AS INDIA’S telecom operators prepare for rollout of 5G services, the country’s aviation safety regulator has written to the telecom department flagging concerns over the likely interference of 5G C-Band spectrum with aircraft radio altimeters, The Indian Express has learnt.
A radio altimeter is an instrument that provides direct height-above-terrain information to various aircraft systems. The primary concern of the Directorate General of Civil Aviation (DGCA) emerges from the fact that these altimeters as well as a part of the 5G telecom services operate in the C-Band.
For telecom service providers, the C-Band presents a sweet spot for rolling out 5G services, ensuring coverage as well as high bandwidth, resulting in faster internet speeds. For aircraft operations, the use of altimeters in this band ensures highly precise measurements of the plane’s altitude.
“The DGCA is working in close coordination with the Department of Telecommunications (DoT) and has apprised it of its concerns over likely interference of 5G C-Band spectrum with aircraft radio altimeters,” said a senior government official.
These red flags are based on concerns raised by the US Federal Aviation Administration (FAA) over the last one year since telecom operators in the US, such as AT&T, Verizon and T-Mobile etc, began rolling out 5G services. In the US, an agreement between the FAA and the telecom operators resulted in a delay in rollout of 5G services in the C-Band near airports that were assessed to be difficult for pilots to make visual approaches.
“The radio altimeters pick up the faintest signals reflected off the ground in the assigned frequencies to achieve highly accurate results. This makes it possible for the instruments to pick up what are known as ‘out-of-band’ signals. These out-of-band signals could significantly impair functions of a radio altimeter,” said another official.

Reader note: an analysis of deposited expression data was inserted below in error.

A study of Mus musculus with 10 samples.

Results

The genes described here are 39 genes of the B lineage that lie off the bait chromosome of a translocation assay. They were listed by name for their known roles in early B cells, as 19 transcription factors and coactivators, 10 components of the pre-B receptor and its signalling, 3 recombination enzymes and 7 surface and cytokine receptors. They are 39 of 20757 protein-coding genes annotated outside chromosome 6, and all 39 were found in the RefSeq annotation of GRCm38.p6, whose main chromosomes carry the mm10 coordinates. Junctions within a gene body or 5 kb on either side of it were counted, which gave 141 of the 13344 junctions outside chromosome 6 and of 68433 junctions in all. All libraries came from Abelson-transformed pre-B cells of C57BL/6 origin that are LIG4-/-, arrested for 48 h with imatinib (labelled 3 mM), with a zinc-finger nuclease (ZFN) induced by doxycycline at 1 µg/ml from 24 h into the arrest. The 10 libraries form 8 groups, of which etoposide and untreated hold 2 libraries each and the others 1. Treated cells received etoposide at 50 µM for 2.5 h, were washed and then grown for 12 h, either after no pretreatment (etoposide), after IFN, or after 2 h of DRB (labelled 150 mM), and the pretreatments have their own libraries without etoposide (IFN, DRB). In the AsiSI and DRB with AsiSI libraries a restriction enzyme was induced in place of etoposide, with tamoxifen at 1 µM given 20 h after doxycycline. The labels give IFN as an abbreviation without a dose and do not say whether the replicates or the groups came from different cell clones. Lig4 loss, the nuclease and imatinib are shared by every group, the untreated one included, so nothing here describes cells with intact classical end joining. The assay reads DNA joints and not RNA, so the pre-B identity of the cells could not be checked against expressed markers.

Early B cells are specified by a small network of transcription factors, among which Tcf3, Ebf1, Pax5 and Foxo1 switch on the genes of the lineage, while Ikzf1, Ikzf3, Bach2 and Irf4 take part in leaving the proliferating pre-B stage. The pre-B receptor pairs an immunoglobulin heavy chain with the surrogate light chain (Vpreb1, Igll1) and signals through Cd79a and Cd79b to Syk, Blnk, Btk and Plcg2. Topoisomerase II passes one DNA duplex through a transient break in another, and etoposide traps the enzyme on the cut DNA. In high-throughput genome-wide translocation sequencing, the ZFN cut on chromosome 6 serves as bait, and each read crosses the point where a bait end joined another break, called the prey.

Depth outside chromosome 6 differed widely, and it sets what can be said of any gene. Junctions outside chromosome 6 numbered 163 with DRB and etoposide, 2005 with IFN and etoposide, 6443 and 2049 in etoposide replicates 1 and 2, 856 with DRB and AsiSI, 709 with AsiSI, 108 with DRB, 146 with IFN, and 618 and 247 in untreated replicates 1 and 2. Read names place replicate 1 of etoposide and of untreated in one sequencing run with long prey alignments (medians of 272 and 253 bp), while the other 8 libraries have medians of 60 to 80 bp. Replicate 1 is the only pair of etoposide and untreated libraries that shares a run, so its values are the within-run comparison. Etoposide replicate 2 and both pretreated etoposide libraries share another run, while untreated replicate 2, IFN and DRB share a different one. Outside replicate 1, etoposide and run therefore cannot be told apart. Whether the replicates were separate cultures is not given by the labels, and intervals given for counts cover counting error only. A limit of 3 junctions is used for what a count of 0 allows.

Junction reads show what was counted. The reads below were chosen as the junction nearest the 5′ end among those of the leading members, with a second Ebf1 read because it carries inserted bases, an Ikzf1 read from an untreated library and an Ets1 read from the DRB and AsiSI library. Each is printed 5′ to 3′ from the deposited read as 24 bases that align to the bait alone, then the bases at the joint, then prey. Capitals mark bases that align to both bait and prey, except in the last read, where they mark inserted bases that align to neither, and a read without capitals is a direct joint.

A third official at the DoT, however, played down the impact. “We have auctioned C-Band spectrum in the frequency ranging from 3.3 GHz to 3.6 GHz (in India). Aircraft radio altimeters mainly use frequencies ranging from 4.2-4.4 GHz. So, there is a significant 500 MHz gap between the two frequency ranges. Having said that, the telecom department has taken note of the concerns flagged by DGCA, and we are working together,” said the official.
The official said the issue in the US became significant because operators there are deploying 5G services in the 3.7-3.98 GHz frequencies, which is closer to the radio altimeter frequencies.
Earlier this year, Air India had to cancel some of its flights to the US as airlines globally scrambled to reschedule flights amid concerns that the rollout of 5G mobile services in the US could potentially interfere with aircraft navigation systems. Even at the time, the DGCA had coordinated with Indian carriers on the issue.
Over the last year, the FAA has issued several directives to airlines to install certain filters or modify their equipment to ensure that 5G airwaves do not interfere with their navigation systems.